Book Two of the Parasol Protectorate, Changeless, is a romp in a supernatural steampunk world. Like the first book, it features Alexia Tarrabotti who is now Lady Alexia Maccon. She’s a preternatural, which means that if she touches a supernatural they will be human during that physical contact.

Alexia and her Alpha werewolf husband are caught up in supernatural politics, as well as some business related to his former Scottish pack. The big plot line is that for unknown reasons large numbers of supernaturals are losing their supernatural nature. For example, a hive of vampires will find themselves human. Or werewolves will find that they are “changeless”—unable to transform into their wolf form. Needless to say, this is deeply distressing to the entire community.

Alexia is considerably more sure-footed in this book. She’s got some genuine clout in the sundowner world, and isn’t afraid to use it. Her sidekick Ivy Hisselpenny is along again for comic relief. And we have new characters on board, including Madame Lefoux who invents a bang-up new parasol for Alexia. Sadly, one of my least favorite characters is back as well. That would be one of Alexia’s half sisters. In this case Felicity Loontwill has joined in to browbeat and denigrate her sister in typical tiresome fashion.

My conclusions:

I want so desperately to love his series. It’s absolutely perfect for me—in theory. But after two books, I’m finding that author Gail Carriger just doesn’t deliver for me. The story is intriguing, but doesn’t make me want to put down every other book and immerse myself. While reading, I was entirely too easily distracted. And I felt exactly the same way about both books, so I suspect it’s Alexia not me.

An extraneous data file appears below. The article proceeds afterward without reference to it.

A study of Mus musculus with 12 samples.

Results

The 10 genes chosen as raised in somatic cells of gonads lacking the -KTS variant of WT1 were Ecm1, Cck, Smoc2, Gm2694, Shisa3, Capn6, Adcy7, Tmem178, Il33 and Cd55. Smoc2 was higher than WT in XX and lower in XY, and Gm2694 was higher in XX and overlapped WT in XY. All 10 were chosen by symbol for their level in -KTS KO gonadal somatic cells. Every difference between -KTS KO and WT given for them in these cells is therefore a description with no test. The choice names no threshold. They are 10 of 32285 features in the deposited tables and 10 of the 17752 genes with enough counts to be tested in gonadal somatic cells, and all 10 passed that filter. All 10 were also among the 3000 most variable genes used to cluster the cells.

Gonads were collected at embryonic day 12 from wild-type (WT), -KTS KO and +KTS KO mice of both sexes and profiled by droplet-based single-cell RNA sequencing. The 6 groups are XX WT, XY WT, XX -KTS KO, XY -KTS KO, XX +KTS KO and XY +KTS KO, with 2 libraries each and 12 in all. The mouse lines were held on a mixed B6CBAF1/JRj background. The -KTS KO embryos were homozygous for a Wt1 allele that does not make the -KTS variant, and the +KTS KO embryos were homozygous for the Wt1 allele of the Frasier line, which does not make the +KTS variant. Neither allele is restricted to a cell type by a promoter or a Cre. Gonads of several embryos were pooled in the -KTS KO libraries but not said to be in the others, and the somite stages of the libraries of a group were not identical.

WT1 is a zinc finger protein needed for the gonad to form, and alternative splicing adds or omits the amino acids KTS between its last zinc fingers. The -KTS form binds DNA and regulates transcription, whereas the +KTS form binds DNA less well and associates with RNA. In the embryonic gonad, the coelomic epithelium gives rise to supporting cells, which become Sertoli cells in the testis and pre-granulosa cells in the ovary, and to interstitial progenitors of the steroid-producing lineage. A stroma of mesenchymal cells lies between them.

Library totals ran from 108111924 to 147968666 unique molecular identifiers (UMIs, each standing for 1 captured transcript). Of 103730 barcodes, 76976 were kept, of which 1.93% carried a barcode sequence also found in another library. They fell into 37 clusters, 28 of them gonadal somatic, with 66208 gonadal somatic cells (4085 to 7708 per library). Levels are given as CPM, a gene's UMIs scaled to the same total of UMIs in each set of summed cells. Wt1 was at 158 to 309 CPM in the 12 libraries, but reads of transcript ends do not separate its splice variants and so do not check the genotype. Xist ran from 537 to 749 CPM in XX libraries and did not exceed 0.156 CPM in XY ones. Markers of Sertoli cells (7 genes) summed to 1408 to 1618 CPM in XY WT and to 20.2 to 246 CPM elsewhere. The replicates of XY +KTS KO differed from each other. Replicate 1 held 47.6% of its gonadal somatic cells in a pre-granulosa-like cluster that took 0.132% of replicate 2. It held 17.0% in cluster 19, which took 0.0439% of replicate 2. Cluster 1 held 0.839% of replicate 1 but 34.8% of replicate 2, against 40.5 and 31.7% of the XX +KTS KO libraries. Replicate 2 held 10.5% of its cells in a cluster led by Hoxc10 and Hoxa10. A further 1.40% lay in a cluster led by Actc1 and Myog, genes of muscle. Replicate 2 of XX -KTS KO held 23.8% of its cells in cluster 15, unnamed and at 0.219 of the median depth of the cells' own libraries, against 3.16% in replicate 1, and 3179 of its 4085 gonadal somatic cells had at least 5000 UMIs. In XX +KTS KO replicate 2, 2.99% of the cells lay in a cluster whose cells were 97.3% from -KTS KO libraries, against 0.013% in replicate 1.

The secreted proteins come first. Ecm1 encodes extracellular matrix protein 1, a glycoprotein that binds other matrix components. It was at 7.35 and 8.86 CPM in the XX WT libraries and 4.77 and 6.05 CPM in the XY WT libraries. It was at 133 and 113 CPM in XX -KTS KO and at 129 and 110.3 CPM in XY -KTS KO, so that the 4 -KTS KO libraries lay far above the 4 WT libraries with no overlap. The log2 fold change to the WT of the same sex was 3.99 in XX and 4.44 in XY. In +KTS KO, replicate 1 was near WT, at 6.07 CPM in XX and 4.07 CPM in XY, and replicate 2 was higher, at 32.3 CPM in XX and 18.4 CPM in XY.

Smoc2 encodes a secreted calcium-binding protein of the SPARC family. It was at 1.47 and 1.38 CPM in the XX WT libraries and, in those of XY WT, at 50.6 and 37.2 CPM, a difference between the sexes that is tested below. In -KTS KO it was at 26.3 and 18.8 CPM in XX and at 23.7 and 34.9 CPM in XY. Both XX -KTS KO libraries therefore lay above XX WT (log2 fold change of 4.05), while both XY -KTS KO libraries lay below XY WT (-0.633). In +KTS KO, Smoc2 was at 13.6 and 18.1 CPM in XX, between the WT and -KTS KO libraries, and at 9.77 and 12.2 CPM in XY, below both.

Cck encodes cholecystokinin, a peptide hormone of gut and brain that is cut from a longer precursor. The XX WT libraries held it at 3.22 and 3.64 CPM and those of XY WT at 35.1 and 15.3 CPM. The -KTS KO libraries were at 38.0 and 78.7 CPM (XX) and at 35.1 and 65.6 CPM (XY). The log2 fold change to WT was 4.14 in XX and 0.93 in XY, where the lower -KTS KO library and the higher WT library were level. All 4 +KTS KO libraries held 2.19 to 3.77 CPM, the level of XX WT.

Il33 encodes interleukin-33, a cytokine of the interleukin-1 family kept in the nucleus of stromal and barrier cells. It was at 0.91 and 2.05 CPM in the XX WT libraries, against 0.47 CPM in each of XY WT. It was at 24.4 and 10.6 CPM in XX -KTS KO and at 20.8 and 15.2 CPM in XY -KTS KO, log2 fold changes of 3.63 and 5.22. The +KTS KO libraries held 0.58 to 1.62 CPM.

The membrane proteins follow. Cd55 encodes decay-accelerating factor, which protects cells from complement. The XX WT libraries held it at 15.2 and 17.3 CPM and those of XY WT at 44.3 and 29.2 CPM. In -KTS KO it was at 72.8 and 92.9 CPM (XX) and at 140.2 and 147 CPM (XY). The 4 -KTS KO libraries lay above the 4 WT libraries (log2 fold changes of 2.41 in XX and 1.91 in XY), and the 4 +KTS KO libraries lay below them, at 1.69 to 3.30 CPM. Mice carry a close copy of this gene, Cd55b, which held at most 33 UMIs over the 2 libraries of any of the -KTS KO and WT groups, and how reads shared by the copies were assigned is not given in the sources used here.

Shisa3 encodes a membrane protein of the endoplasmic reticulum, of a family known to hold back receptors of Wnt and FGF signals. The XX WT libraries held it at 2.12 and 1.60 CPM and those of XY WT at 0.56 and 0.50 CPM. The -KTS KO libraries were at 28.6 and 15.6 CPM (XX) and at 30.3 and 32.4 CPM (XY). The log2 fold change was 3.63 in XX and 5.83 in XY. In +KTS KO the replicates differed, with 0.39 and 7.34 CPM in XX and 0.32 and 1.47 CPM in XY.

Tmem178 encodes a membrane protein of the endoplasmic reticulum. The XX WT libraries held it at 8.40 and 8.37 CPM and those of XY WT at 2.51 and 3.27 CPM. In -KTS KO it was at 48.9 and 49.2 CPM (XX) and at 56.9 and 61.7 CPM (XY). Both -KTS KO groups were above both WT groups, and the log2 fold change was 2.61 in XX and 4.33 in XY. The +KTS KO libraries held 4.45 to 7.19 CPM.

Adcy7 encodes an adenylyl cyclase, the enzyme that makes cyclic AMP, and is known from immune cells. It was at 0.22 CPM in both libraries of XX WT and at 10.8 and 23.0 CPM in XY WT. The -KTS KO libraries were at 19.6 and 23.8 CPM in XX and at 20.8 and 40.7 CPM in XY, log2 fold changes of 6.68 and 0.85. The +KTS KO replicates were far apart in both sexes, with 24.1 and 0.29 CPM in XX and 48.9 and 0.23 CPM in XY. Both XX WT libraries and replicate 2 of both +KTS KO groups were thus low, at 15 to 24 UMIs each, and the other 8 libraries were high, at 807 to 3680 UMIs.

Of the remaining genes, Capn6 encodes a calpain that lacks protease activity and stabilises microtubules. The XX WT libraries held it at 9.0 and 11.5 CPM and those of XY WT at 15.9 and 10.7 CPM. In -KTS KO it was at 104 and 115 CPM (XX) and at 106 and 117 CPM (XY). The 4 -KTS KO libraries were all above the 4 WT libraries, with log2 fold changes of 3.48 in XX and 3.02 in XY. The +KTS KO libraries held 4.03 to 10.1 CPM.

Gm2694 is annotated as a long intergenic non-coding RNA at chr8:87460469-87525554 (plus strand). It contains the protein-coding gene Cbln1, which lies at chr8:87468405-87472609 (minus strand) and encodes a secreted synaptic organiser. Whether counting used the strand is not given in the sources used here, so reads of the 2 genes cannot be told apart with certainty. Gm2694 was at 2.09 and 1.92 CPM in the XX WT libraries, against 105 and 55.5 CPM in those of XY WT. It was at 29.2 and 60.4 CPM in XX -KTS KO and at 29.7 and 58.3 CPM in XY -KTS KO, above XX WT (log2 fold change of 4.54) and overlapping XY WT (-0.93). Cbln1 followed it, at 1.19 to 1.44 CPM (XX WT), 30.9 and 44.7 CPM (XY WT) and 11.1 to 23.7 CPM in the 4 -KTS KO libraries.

I prefer my 400 page books to have more vigorous action and plot development in the mid-section of the book. Instead, Parasol Protectorate books have waited until the final 50-75 pages to really get cooking. That’s just too much exposition for me.

On the whole, the plot was also a tad too predictable for me. I guessed 80% of the conclusion at least 75 pages ahead of the characters. I’m a fan of parasols, glassicals, and creatures that go bump in the night. But I prefer something paced a bit faster than your average dirigible travels.

I’m now debating whether to finish my three-book omnibus or just bail. I’ll admit, Carriger ends Changeless with provocative cliffhangers. But I’m not entirely sure I need to know what happens. I’ll give it a few weeks and see how much I continue to think about Alexia’s world.